Nellie McKay and Turtle Island Quartet Perform Tonight at Eccles Center
Singer, songwriter, ukulele player, pianist, mimic, comedienne and actor Nellie McKay joins forces with two-time Grammy award-winning Turtle Island Quartet for a jazzy jaunt back in time. The program, "A Flower is a Lovesome Thing," fills The Eccles Center with the tunes of Billie Holiday, Billy Strayhorn, Doris Day and the Weimar cabaret of the 1920s (plus some present-day originals). Show starts at 7:30 p.m.
McKay and Turtle Island share a knack for improvisation as well as a tendency to charm. A "bewitching pixie of a performer" (The New York Times), McKay can pull off sweetness and sunshine as well as biting wit with her beguiling stage presence and velvet vocals. Equally versatile and original in its endeavors, Turtle Island fuses the classical quartet esthetic with contemporary American musical styles and evocative and innovative rhythms. This rare collaboration will include originals by McKay and Turtle Island. And the show borrows from the icons of the 1920s and 1930s: Billie Holiday favorites, such as These Foolish Things and The Very Thought of You; classics made famous by Marlene Dietrich such as Ich Bin Die Feshce Lola and Black Market; and music from Doris Day and Strayhorn (including the standard, "A Flower is a Lovesome Thing").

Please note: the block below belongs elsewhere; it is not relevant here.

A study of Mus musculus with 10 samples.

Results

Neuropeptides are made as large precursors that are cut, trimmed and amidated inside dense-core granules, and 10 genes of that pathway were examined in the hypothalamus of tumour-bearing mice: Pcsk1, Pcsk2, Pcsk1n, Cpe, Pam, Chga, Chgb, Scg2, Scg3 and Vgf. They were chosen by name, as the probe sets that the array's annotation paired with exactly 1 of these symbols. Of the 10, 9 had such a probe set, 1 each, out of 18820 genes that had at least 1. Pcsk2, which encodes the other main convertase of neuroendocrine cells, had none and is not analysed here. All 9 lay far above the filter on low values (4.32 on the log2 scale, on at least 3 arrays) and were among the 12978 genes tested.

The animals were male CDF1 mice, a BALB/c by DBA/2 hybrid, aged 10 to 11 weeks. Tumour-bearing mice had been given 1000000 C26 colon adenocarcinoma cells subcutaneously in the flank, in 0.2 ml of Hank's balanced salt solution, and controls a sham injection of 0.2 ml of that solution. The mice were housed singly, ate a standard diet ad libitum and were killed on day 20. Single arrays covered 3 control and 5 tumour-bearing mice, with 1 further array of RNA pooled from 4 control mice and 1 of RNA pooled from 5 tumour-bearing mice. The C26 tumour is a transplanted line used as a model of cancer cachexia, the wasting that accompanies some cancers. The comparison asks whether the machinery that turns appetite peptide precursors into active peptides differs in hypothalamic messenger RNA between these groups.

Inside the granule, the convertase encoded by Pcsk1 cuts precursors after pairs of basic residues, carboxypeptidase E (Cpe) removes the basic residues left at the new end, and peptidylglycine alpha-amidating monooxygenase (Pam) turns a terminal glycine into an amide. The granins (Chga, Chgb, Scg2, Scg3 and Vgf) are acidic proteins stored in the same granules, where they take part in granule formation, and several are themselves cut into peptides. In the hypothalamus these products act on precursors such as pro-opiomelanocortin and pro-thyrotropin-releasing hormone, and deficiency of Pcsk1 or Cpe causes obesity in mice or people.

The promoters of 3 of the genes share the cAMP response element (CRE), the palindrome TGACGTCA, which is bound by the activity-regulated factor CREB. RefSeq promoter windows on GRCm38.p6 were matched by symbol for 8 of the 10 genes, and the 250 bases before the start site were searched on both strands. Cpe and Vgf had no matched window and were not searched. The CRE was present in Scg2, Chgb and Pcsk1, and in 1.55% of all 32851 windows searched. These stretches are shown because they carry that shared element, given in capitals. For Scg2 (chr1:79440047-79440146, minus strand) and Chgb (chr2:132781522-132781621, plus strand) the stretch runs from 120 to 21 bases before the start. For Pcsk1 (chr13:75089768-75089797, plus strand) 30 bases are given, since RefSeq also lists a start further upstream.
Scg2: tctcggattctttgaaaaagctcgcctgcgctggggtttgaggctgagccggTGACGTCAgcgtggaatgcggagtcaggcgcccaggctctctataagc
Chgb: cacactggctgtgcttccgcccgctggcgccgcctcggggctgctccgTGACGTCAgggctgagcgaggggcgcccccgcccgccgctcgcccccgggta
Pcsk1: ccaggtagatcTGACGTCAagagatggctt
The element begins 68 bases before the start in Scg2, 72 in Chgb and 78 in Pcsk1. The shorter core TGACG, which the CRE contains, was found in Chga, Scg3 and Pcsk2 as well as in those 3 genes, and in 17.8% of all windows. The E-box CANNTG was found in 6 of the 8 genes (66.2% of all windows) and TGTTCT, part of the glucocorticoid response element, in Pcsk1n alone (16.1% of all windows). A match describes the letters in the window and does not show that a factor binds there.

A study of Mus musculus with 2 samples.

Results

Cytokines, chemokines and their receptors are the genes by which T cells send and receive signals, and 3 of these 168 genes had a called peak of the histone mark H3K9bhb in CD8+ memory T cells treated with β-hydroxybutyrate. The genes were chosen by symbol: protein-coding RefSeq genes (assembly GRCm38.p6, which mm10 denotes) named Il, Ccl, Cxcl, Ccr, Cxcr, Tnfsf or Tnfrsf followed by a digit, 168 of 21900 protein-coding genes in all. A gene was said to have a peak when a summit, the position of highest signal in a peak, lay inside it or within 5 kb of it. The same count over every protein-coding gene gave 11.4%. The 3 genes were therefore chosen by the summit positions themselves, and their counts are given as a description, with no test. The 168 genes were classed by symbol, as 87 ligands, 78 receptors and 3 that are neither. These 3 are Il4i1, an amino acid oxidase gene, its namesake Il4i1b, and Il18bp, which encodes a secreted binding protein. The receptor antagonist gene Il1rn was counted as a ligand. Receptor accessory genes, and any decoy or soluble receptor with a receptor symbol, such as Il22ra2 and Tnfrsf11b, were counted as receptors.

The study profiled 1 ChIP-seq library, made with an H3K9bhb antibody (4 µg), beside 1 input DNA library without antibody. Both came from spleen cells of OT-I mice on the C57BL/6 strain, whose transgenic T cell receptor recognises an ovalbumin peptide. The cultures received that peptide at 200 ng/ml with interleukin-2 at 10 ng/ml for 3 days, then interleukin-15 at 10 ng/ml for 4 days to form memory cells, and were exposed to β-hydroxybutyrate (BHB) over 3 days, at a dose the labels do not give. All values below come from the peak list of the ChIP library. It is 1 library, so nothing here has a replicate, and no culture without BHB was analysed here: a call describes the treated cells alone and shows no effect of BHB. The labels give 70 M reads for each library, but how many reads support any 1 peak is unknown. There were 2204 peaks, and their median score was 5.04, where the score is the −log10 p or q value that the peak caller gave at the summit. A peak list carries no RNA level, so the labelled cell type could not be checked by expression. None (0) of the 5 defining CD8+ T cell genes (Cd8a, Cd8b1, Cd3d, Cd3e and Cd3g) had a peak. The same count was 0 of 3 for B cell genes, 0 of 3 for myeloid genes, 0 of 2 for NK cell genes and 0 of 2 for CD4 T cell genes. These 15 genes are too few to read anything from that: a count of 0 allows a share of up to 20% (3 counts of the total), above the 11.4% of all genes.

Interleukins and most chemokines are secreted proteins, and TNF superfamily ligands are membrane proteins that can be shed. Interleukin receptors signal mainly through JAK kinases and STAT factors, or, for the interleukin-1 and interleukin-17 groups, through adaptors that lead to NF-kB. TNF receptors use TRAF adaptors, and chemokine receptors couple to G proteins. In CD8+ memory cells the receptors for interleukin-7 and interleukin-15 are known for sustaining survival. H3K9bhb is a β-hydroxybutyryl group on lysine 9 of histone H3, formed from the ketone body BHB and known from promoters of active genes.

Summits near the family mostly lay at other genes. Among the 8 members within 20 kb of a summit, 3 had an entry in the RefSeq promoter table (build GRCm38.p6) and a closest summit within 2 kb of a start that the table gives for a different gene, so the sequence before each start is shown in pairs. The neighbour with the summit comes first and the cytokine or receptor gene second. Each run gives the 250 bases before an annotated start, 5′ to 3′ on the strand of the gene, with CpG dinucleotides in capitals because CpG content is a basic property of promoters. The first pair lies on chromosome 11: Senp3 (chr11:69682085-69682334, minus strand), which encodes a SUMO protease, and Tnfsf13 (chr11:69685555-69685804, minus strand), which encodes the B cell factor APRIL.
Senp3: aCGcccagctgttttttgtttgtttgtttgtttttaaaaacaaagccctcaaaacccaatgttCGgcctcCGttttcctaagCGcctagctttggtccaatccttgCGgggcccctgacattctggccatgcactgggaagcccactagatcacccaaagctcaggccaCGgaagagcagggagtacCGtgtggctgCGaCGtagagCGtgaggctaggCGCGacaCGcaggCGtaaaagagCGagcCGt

Turtle Island Quartet, which was founded in 1985, has been unafraid to push the boundaries of chamber music. The members - David Balakrishnan, Mark Summer, Mateusz Smoczynski and Benjamin von Gutzeit - have brazenly journeyed through an array of genres not typically associated with string ensembles: folk, bluegrass, swing, be-bop, funk, R&B, new age, rock, hip-hop, as well as music of Latin America and India. The Grammy-winning quartet has a vast repertoire packed into dozens of recordings as well as soundtracks for film, TV and radio (Today Show, All Things Considered, Prairie Home Companion, and Morning Edition). And this is not the group's first foray into collaboration with edgy artists; Turtle Island has teamed up with everyone from Paquito d'Rivera to Leo Kottke.
In describing the quartet, a St. Louis Post-Dispatch reviewer raves, "It must have been like this when Beethoven was taking Vienna by storm - the exhilaration of seeing the future of classical music unfold before your eyes and ears."